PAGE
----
September 27, 2010
A new animation using data from the European Space Agency's (ESA) Venus Express spacecraft shows that the double eye of the giant vortex at Venus' south pole has disappeared.
Orbiting around Venus since April 11, 2006, Venus Express is providing an extensive and unique dataset of great scientific importance, spanning from the planet's surface to the atmosphere and its interaction with the solar wind. The Visible and InfraRed Thermal Imaging Spectrometer (VIRTIS) instrument studies Venus from orbit through atmospheric "windows," which are transparent at certain infrared wavelengths and thus able to transmit the thermal radiance from deep regions in the venusian atmosphere. It also provides information about temperature of the atmosphere and the cloud tops, from which it is possible to study the dynamics and, in particular, the polar vortex.
In 1979, the Pioneer Venus mission observed a similar polar vortex with two apparent centers of rotation in the venusian northern hemisphere. Scientists labeled this feature the dipole of Venus. The VIRTIS instrument observed a similar shape in the southern hemisphere. This discovery revealed a north-south symmetry on Venus and, at first glance, confirmed the stability of the dipole. However, in the course of the mission, systematic observations with VIRTIS showed a large number of different shapes of the vortex with complex configurations and not well identified stable features.
"We had ironically observed it in a dipole configuration right at the beginning of the mission," said Giuseppe Piccioni from the National Institute for Astrophysics in Rome. "But we soon discovered that this was just a coincidence since the dipole in reality is not a stable feature on Venus but just one shape among others."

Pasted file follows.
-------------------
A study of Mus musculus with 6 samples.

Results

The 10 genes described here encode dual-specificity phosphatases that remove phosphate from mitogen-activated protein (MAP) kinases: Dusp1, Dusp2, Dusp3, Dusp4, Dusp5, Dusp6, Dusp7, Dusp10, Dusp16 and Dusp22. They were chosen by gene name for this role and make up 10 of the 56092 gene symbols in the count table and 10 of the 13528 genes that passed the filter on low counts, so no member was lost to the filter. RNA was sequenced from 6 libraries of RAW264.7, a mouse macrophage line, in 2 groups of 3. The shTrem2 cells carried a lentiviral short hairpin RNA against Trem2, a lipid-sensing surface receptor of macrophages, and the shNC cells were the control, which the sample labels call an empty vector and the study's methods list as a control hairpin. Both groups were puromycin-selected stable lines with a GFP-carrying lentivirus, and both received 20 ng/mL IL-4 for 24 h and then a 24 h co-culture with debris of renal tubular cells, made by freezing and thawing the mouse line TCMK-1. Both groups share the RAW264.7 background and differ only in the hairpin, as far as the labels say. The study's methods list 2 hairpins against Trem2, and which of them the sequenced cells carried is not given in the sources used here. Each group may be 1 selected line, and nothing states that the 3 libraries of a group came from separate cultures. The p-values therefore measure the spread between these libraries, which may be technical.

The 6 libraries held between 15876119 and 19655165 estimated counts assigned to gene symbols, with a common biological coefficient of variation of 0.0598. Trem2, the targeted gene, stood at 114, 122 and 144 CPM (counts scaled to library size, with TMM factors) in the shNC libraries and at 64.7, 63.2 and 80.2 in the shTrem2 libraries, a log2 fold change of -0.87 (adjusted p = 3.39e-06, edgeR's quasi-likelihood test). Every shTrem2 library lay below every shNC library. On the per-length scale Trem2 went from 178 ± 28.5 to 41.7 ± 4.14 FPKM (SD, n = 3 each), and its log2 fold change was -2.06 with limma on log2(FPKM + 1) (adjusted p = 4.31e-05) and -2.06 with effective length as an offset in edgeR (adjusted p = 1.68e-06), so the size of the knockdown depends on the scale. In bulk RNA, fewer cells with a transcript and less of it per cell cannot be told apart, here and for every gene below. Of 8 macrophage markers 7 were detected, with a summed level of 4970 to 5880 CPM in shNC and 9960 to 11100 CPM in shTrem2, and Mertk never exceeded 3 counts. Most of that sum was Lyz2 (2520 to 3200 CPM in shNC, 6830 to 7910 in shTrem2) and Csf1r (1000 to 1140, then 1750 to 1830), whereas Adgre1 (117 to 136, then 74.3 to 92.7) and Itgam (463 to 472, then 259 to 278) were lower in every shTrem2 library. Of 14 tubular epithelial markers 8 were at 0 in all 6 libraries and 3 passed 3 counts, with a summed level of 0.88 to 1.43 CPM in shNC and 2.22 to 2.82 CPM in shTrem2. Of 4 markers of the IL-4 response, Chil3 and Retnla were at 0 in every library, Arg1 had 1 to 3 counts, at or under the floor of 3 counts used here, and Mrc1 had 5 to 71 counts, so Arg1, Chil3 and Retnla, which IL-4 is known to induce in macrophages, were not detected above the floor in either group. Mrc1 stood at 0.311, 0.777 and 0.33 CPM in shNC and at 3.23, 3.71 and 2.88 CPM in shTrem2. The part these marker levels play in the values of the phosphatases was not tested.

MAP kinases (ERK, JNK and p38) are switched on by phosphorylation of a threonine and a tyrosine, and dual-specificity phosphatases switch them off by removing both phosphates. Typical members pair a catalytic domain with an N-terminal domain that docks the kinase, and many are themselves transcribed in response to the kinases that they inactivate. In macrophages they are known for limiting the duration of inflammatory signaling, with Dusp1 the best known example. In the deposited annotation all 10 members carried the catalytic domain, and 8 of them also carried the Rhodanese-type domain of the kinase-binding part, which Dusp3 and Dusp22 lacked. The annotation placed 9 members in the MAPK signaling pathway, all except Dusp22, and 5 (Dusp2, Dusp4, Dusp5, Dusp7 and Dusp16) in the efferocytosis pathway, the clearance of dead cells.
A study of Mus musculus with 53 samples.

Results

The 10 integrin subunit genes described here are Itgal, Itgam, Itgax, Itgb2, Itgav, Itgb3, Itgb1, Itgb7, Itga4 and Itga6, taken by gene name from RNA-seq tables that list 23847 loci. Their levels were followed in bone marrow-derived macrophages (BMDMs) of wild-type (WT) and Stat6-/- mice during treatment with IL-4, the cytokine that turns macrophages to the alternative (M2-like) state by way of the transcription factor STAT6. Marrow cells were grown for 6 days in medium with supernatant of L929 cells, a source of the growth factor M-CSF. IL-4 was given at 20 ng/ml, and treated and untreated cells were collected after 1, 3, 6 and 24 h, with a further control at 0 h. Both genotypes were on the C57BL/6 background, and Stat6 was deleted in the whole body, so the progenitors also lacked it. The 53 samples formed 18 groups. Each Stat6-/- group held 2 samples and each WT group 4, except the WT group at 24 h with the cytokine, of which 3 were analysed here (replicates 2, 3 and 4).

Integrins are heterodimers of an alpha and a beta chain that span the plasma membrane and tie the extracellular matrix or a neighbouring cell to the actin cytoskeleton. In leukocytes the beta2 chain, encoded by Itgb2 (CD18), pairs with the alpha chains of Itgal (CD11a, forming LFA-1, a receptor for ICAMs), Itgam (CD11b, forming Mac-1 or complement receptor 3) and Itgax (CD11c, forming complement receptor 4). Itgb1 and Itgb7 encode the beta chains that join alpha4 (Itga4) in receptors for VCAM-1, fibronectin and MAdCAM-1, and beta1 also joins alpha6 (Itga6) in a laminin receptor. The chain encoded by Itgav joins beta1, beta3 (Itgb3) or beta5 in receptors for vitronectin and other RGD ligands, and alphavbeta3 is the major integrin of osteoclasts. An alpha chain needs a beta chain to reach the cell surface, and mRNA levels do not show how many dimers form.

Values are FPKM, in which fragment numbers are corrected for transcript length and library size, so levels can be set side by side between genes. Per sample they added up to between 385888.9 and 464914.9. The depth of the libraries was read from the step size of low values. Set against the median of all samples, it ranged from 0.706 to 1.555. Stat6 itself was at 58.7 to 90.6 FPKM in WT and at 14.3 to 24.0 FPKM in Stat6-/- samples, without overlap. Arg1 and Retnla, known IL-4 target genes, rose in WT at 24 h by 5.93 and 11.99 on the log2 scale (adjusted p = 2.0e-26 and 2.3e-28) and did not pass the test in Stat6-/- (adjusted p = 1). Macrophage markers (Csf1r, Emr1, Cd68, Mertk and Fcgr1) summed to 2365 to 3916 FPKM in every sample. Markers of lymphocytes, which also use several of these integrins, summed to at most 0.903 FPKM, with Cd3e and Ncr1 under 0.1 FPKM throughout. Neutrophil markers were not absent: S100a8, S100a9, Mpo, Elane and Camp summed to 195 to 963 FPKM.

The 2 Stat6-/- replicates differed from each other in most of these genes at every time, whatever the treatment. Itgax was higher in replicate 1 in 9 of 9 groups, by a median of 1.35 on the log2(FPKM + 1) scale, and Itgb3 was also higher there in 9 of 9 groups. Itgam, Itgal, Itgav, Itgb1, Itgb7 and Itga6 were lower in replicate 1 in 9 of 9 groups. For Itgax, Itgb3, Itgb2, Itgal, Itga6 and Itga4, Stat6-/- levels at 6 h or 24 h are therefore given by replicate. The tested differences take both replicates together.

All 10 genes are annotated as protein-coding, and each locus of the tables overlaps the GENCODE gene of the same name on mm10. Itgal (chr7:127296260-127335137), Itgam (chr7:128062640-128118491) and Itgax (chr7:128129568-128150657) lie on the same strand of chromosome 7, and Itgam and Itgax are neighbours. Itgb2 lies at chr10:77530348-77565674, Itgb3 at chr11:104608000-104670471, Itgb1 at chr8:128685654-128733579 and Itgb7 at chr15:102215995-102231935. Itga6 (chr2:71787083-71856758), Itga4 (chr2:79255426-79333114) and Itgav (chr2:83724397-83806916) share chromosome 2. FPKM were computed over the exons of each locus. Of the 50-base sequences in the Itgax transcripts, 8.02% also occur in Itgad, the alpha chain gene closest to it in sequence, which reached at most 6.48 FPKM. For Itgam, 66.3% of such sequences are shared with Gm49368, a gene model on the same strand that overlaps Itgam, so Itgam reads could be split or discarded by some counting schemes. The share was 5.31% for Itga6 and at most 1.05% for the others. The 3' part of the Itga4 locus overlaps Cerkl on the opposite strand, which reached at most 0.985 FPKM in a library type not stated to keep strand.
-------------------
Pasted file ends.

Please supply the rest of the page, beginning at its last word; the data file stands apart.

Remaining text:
Piccioni and his colleagues also tracked the clouds in the venusian atmosphere in order to measure the wind speeds of the significant atmospheric "super-rotation," rotating 60 times faster than the planet underneath. Observing at different wavelengths, they were able to probe different altitude levels within the atmosphere.
"We found a significant vertical shear, or change of winds with height, at low latitudes, with winds doubling from the lower clouds to the cloud tops," said Piccioni. "However, the shear disappeared at higher latitudes in combination with a decreasing wind speed toward the pole."
In fact, the polar region of Venus has peculiar dynamics different than the rest of the planet. A permanent giant vortex extending more than 1,900 miles (3,000 kilometers) dominates, and it rotates almost like a solid body. This is contrary to the vertical shear in the mid-to-low latitudes observed by Piccioni's team. The ring surrounding the polar region, known as the cold collar, acts as a barrier separating the two rotation zones.